Nortel: don't do 802.11n yet
It's not a standard till 2009.
By Peter Judge, Techworld | Techworld | Published: 01:00, 08 February 2008
Nortel's not had a great time of it, in the last few years. After years of growth, the company made a colossal $27 billion loss in 2001, slashed its workforce and came back to profitability in 2004, only to suffer an accounting scandal, law suits, and a steady round of savage job cuts and sacked senior executives.
None of that seems to bother Phil Edholm, chief technology officer for enterprise networks there. He says the company is coming back up, and set for a good time, as wireless networking and telecoms-related technology takes over the enterprise. But he's not in any hurry – even though wireless is a major part of his campaign, he's happy to give other vendors 18 months head start with 802.11n fast wireless LANs.
The long view
You would expect Edholm to take a long view. He admits to a long history in the industry, being an author of the Ethernet 10baseT standard, and a founder of the Frame Relay. And he's given his name to a communications equivalent to Moore's Law.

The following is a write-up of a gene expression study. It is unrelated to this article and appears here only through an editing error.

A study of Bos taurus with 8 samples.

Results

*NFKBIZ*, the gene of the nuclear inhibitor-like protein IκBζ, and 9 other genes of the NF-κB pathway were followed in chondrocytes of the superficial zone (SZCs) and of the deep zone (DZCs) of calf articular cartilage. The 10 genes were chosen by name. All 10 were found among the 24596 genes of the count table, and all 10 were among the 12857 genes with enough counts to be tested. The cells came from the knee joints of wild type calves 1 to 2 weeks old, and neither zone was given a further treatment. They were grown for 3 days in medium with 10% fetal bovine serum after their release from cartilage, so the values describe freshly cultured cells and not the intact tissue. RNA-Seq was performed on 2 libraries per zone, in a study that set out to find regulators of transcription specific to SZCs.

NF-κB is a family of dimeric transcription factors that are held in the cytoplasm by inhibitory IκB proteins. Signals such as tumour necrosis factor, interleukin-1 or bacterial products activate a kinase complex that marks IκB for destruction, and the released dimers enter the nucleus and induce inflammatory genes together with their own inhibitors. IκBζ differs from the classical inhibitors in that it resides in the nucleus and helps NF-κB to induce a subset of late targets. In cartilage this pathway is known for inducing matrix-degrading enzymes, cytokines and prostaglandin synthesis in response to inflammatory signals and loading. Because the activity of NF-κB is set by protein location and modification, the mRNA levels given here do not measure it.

Edholm's Law, which he says is really an "observation," predicts the rate at which wired and wireless connections will increase, in proportion to each other. There's always been a roughly 1:10:100 ration between "wide-area" wireless (at the moment, that's 3G), nomadic wireless (Wi-Fi) and wired connectivity (Ethernet) he says.
But although the speeds increase, application requirements don't change fundamentally, because they rely on the speed we can type or process visual information, he says: "12 to 25Mbit/s is enough to produce an image that is virtually artefact free, at the pixel resolution of the eye."
So if wireless speeds go up, he says "the applications will move from fixed, to nomadic, to wireless."
"What's really interesting over the next couple of years is that the consumer world will be driven by video, and video on demand will saturate the consumer network," he says. "In the enterprise world, the promise is in extending what nomadic networks do. There is already little quality difference between working in the office and working at home - with 4G we can extend that experience to anywhere."
"Businesses will no longer be constrained to the office. With 4G, you can have the same experience, sitting at the client location - and this the potential to fundamentally change the working environment."
He's talking about a more "organisable" and flexible environment, and Nortel's decreasing employees can no doubt attest to the this – the company operates hot desking or “hotelling” in its office, so staff have no assigned location, and furniture can be reorganised as the organisation changes its structure.